Stories from a neurodiverse work environment: Jelle excels at details

Specialisterren has been in existence for over 14 years and in the past year we have grown rapidly. We now employ 75 people at Specialisterren, 60 of whom have a form of autism. Because everyone has his/her own story and we like to inspire others with our experiences, a number of employees share their stories in the series: ‘Stories from a neurodiverse work environment’.

This time the story of Jelle. Jelle has been working at Specialisterren since 2021. He started as a tester, but has since made the move to test analyst.


How did you end up at Specialisterren?  

Before this, I worked in geoinformation. There I checked databases and maps for errors. As it were, I was also a tester there. Eventually I got tired of just checking data and maps, but applying for another job was impossible. Mainly with government agencies, I encountered that people had a very closed attitude during job interviews. Because of this closed attitude, I found it very difficult to have a good conversation, which made it difficult to have a pleasant conversation with them. This is something more common in people with a form of autism. Because I really wanted another job, I kept looking and eventually ended up at Specialisterren.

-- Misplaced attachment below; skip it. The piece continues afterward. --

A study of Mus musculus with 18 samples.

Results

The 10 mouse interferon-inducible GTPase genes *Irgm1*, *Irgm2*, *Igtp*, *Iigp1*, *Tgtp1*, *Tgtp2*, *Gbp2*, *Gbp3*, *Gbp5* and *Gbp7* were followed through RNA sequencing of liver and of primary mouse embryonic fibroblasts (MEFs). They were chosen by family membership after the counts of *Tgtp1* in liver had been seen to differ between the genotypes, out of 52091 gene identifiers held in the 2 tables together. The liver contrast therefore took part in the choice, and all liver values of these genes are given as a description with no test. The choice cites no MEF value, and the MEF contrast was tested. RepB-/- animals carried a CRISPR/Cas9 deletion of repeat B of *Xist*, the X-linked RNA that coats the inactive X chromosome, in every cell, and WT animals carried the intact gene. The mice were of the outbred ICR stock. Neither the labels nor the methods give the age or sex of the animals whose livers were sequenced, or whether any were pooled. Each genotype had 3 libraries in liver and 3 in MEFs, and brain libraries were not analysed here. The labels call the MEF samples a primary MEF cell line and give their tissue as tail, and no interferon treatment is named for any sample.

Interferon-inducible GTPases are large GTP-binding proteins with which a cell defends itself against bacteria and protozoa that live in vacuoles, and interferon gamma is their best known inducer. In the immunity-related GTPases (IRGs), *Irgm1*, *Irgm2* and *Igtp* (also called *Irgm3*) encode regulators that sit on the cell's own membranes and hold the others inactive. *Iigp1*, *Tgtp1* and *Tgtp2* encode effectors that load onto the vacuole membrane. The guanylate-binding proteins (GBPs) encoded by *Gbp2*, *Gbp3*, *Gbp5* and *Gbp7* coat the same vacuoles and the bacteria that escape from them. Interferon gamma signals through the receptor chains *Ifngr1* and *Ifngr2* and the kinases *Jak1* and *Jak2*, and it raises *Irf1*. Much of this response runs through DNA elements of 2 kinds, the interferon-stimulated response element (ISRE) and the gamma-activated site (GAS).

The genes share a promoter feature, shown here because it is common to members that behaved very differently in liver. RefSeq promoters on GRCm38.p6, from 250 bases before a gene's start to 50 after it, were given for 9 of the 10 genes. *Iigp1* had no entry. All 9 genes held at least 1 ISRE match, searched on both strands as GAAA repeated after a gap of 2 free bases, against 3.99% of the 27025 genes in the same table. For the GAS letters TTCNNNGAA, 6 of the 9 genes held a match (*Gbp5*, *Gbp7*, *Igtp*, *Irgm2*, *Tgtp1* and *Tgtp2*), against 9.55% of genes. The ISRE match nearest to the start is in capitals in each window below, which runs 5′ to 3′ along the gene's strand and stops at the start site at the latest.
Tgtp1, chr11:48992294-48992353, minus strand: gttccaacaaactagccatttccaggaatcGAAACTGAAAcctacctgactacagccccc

Did you find the challenge you were looking for? 

Yes, this position suits me well. I am constantly engaged in meta-thinking, that is, thinking about thinking. This allows me to see how testing can be done efficiently. In addition, this is very results-oriented work and that gives me a lot of satisfaction. You wouldn’t expect it, but what’s also nice about this job is that it has a creative side. After all, in order to find as many bugs as possible during testing, you have to be creative in thinking about what can break. 

You wouldn’t expect it, but this job also has a creative side.

What makes Specialisterren a great place to work for you?

At Specialisterren, when I mention that I am stressed or stuck, there is no pretense that I am acting out. That is respected. In my opinion, the world would be a better place if we focused less on understanding each other and more on trusting each other. For example, if a colleague says ‘I can’t figure it out’ you shouldn’t focus on the reason, but on how you can help someone. That’s what happens at Specialisterren.

The world would be a more beautiful place if we focused less on understanding each other and more on trusting each other.

Do you have any tips for people with autism who are looking for jobs?

Indicate in job applications that you have autism, but complement “non-autistic” colleagues well precisely because of this. They excel in helicopter view, we have an exceptional eye for detail. Explain what autism means to you as an individual. Talk about what you are good at and what you need help with. That way you can team up with others and strengthen each other.